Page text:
Mr. Waffle’s sister got married in London recently and we all went over for the weekend. It was extremely exciting, though, somewhat damp, all weekend. In advance the Princess had asked anxiously whether they drank tea in England and after being reassured on this point was able to enjoy a weekend of unalloyed pleasure.
The children were really very good on the journey. Not having been on a plane with them since 2008, I was astounded how much easier it was to travel with them. We didn’t even lose Michael once.
On Saturday, we had photos in advance of the wedding and arrived in time to see the bride and groom emerge from a taxi. My sister-in-law was quite delightfully relaxed about her wedding arrangements. When I asked her how she was going to get to the venue she said, “Well there’s a bus that goes right past the door but we think we’ll get a cab.” Their photographer was a friend and he did a superb job. Want to see? Alright, go on so.
The flower girls were terrific. Apparently, upon being complimented by one of the guests on her shoes, herself said, “They may be pretty to look at but they are murder to wear.” The boys didn’t disgrace us but I think Michael read “Captain Underpants” throughout the ceremony. When he was upbraided for this, the groom’s mother, who used to teach, commented very kindly, that it was nice to see young boys reading.
The ceremony itself was very short and the registrar was lovely. The bride was beautiful and the groom handsome (really, it’s true, you saw the photos) and I cried but not too much, I trust.
We drove to the reception on a London bus and the groom’s mother had saved the children seats at the front up top which filled them with joy. Getting on the bus was something of a highlight for them.
The reception was in trendy Soho and it was very trendy and the food was superb. The speeches were great and the bride spoke which I always like. Best of all, from the craven parents’ point of view, there was a special room for the children where they got chicken and chips and access to a large DVD player.
Mortifyingly, when the children started to get tired about 9, just before the dancing started, we wilted and faded also and went back to warm embrace of Jury’s Islington – we got very wet on the way wandering around Soho trying to get a cab.
The next day we threw ourselves into touring London but not before, to the children’s intense chagrin, going to mass. It was a children’s mass and it was heaving. The priest summoned the children to the altar and talked to them about the Holy Land. He asked a couple of questions which I really feel were for the honours rather than the ordinary level paper; sample – does anyone know why the Church of the Holy Sepulchre is famous? Needless to say, my lot didn’t have a clue but I could hear the answer being shouted aloud from the enormous group of children gathered around the altar. They all got a little card from the Holy Land whether they knew the answer or not. Not so Godless England, it turns out.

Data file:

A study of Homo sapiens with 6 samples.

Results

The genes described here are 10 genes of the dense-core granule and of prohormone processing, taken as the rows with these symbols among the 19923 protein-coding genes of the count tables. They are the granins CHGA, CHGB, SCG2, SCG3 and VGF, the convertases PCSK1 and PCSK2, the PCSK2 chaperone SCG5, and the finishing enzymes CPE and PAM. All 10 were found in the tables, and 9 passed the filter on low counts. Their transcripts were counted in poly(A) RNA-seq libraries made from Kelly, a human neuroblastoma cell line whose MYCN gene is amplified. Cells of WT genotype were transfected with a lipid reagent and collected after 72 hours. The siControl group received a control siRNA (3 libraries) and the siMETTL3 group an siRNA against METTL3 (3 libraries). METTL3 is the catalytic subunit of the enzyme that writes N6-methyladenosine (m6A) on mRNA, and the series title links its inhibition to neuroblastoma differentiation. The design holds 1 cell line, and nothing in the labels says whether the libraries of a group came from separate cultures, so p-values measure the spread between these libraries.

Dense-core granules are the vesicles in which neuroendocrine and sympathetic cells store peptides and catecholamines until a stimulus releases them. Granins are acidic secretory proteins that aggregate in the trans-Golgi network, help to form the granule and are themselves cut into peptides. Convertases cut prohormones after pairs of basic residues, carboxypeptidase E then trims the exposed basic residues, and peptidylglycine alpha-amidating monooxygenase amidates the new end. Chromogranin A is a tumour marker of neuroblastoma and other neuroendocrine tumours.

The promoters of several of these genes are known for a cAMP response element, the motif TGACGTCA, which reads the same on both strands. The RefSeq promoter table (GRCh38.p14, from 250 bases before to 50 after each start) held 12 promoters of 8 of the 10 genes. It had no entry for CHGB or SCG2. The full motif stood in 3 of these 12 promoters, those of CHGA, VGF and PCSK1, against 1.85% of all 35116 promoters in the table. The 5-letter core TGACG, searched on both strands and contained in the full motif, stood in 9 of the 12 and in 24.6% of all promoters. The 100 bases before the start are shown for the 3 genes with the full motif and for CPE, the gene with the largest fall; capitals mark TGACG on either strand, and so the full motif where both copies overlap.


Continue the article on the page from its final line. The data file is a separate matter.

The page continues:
After mass we went to visit a friend of Mr. Waffle’s who lives nearby in the most envy inducing house (Georgian, 4 stories over basement). Very gratifyingly, she gave us a tour from attic to basement. Is there anything more appealing than exploring other people’s houses? She had very kindly offered to house us for the weekend but I felt that five of us would be a bit much – actually, having seen the house, not at all. The boys disappeared to the games room in the basement where they played to their hearts’ content with her 9 year old and were only removed from the house under duress. This remains the high point of their trip to London. When we subsequently, back in Dublin, used their Christmas vouchers to buy lego Lord of the Rings for the x-box, I heard Daniel earnestly explain to the salesman how they had played it with their Dad’s friend’s son in London and it was amazing. I was a bit put off by the 12 label and asked the salesman whether he thought it was alright for 7 year olds. “Well,” he said, “there’s nothing in it that wasn’t in the film and it’s in lego.” This was good advice. In fact when we got it home and took off the wrapping, it said age 7 underneath. Baffling. I digress.
We went to the science museum which was alarmingly busy and where we lost Michael a number of times. The children quite enjoyed it but I found it hot and hair-raising trying to keep track of them. Mr. Waffle and herself peeled off to Madame Tussaud’s and I took the boys back to the hotel on the tube which proved surprisingly stress free.
Then we all went out for pizza that night – cousins, uncles, aunts and the bride – which was really lovely.
I suppose, my predominant emotion for the weekend was surprise. Everything was much, much easier and more enjoyable than I expected. I had significantly under-estimated how much easier it would be to travel with the children; the effort the poor bride would put in to making the day great fun for them; and how handy it would be that our extended family took over the hotel. And right after surprise, was delight to see the happy couple very happily married.